I have just returned to the hotel room in Brussels after parting ways with the students and chaperones. By now, they are on a bus to Liege for the homestay portion of the trip. They are excited to meet their pen pals, yet anxious at the same time. I am spending the weekend in Brussels with a friend of mine who lives in Dublin before heading back to Chapel Hill.
I was deeply sad to leave them, which seems strange, considering they were complete strangers to me a mere six days ago. But a lot has changed in six days. I have watched students step out of their comfort zones, transforming from someone who cried in Terminal 2 of RDU to someone who isn’t ready to come home yet. I have seen a students go from the essence of shyness to having a voice. From a fear of heights to joy atop the Eiffel Tower. I don’t personally know these students, but my guess is, six days ago, they were lamenting the fact that they had to leave cell phones, iPods and laptops behind. Today, they happily sit at the dinner table and socialize for an hour and a half over three courses, and they play cards with each other during any free time at the hotel. Who needs gadgets when you have shared experiences with classmates?
Last night, the adults stayed up until past midnight discussing, with pride, the students’ behavior. There have been no complaints from the young adults. Room assignments were made – no one begged to switch roommates. Luggage was carried through train stations – no one whined about the heaviness of their backpacks. We walked miles and miles (or, I should say, kilometers and kilometers), and I never heard shouts about exhausted feet. They were forced to communicate in French and overcame their anxiety about getting it wrong. So many fears have been conquered, and a billion tiny transformations have taken place before our very eyes.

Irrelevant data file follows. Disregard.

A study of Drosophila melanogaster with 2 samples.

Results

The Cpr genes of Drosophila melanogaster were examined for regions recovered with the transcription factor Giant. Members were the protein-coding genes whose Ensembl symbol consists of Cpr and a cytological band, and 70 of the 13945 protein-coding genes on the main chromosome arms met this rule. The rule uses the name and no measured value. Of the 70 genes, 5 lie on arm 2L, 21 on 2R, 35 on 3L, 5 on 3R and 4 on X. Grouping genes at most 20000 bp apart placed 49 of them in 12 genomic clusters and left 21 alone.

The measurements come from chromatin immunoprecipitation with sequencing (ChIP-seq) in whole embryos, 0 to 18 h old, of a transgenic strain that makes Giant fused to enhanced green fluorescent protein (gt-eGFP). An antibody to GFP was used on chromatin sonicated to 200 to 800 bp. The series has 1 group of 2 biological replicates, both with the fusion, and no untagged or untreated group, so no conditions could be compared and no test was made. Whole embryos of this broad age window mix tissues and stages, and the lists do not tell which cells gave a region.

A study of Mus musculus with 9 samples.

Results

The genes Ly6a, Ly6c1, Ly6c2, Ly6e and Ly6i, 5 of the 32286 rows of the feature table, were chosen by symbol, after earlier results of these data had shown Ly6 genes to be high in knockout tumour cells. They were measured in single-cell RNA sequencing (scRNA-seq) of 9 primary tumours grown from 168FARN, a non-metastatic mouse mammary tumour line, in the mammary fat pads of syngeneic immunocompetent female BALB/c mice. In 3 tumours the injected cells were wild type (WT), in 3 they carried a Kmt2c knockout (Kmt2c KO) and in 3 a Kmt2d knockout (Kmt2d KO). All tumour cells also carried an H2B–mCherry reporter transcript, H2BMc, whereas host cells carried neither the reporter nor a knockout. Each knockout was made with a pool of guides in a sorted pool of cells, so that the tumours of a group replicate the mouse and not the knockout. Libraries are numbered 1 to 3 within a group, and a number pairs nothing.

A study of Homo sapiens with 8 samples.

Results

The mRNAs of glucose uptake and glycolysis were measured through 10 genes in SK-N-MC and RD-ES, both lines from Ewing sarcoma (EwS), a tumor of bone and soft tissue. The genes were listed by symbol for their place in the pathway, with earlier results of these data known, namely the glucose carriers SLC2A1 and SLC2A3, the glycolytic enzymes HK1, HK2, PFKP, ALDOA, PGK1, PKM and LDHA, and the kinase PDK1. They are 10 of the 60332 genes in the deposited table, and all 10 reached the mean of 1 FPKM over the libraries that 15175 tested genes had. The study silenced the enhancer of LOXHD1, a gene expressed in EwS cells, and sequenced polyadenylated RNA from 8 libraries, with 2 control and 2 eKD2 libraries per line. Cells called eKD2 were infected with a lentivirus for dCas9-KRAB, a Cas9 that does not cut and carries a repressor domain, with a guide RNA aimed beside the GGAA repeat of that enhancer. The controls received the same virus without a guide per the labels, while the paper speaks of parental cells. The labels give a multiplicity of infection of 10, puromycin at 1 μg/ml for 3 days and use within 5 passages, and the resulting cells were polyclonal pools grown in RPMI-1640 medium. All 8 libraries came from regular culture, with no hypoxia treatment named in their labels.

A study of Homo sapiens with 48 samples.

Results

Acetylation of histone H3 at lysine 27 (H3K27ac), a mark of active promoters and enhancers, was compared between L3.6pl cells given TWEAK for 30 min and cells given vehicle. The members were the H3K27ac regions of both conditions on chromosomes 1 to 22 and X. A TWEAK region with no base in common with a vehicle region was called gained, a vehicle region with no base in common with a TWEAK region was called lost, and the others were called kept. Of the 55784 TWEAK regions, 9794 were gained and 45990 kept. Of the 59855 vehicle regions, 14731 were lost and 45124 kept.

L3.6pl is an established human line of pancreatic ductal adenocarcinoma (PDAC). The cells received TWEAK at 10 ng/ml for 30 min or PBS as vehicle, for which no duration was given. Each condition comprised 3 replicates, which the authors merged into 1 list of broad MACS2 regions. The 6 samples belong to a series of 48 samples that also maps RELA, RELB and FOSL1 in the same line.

The grant the EU provided to the group is called “Getting to Know Europe.” Today, we were at the EU Commission Building, where we learned about the history of the EU and its structure. The students politely asked question after question. Will Russia’s national pride prevent it from entering the EU? Is the EU leading the way in terms of green energy? Can countries in northern Africa be considered to join the EU?
They have gotten to know Europe – its infrastructure, its monuments, its culture. But most importantly, I think, they have gotten to know themselves. That’s what happens when you step out of your comfort zone and push the boundaries of your personality.
As I left the group today, I headed in the direction of what I thought was the nearest Metro station. I walked and walked before I realized I was turned around. Fear set in. “How will I get back? I hardly speak a word of French or Flemish. I don’t even have a phone! I didn’t bring the address of the hotel with me.” And then I decided to dig deep for the confidence the students have had to find during this adventure. With a map in hand, I decided to simply figure it out. To use my education, my background and my patience to find my way.
I certainly am glad I made it back so that I could send this important message back to the U.S.: If you are a parent, teacher or friend of one of these students, be proud. In fact, go ahead and beam with pride. I am. They have been excellent ambassadors to their country, to North Carolina and to Chapel Hill. But be warned that they will return to you different people – more open-minded, more confident and closer to their teachers and classmates than ever before.
For much more on the trip, be sure to pick up a copy of the May/June issue of Chapel Hill Magazine.